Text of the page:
My name is Michael Sprinsky. Born and raised in South Boston aka Southie.
I started off by taking oxycontin at age 15. My whole city started to take them actually. Every kid I grew up with was addicted to them. At first, it was a party thing but turned ugly real fast. As soon as I turned 16 I picked up heroin.
Growing up being real good at sports and being a normal kid, I never thought I would stick a spike in my arm but it happened. In 1997, when I was 17, kids started dying rapidly overdosing then a suicide epidemic happened. It was worse than a horror movie going to so many wakes and funerals at that age seeing good friends in a casket.
By the end of age 17, I was already in jail and lost my mother shortly after. I became homeless — running the streets at age 18. I was positive I would die with a needle in my arm. I had short stints of clean time but always relapsed.
For years it was jail and institutions. I gave up hope being in over 100 detoxes, 12 halfway houses, and years wasted behind bars. I became suicidal because It was driving me crazy. I couldn’t figure out why I kept throwing my life away. That all changed one day.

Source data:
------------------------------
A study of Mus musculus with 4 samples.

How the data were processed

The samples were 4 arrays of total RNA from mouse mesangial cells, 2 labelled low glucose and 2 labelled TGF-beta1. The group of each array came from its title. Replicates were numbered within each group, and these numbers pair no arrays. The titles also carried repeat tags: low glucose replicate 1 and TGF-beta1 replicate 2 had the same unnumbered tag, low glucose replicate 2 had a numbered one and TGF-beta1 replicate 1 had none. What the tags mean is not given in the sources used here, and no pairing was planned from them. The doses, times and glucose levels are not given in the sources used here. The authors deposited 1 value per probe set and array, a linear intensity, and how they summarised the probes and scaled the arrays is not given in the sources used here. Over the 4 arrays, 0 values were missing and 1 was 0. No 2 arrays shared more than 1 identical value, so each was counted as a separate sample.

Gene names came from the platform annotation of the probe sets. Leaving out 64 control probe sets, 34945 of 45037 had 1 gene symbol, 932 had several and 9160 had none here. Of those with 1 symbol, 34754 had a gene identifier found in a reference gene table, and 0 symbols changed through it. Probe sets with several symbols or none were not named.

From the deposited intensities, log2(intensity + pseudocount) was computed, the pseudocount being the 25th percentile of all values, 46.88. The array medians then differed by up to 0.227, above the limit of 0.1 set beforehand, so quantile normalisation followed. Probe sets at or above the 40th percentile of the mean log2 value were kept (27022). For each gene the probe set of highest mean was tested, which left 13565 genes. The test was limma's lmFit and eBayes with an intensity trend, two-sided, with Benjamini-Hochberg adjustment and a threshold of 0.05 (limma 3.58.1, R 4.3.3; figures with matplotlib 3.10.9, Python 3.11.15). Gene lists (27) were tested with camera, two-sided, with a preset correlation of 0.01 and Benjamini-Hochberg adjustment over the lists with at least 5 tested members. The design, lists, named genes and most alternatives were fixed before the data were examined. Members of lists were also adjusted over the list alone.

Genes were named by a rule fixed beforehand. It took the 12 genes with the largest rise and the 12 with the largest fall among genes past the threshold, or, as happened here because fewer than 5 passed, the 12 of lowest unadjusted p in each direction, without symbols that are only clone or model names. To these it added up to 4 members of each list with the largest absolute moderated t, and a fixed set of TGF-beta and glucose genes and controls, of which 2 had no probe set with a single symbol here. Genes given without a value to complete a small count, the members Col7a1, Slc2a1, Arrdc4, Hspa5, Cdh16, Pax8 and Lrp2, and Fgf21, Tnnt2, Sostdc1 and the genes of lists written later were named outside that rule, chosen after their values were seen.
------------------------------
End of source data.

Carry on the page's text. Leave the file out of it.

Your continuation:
God called my name to be a voice for a child that was murdered and could no longer speak for themselves. The day I put the story together was the last time I touched heroin. That little girl saved me so I owe her my life by doing what I did. Never in a million years did I think someone I once considered a brother could be involved in something like that. Heroin completely took his soul and he lost his mind. He did rockstar amounts of heroin and never went to detox. He always had the money most of the time and never wanted to get clean. It was a nightmare finding that out.
In the end, God blessed me with a new life for doing his work. I’m grateful everyday I wake up clean. I’ve been clean a little over 2 years now.
If a down and out homeless heroin addict for over 20 years running the streets can stop and get clean anyone can. What helps me the most is helping another addict. I’m trying to spread a message of hope through my story.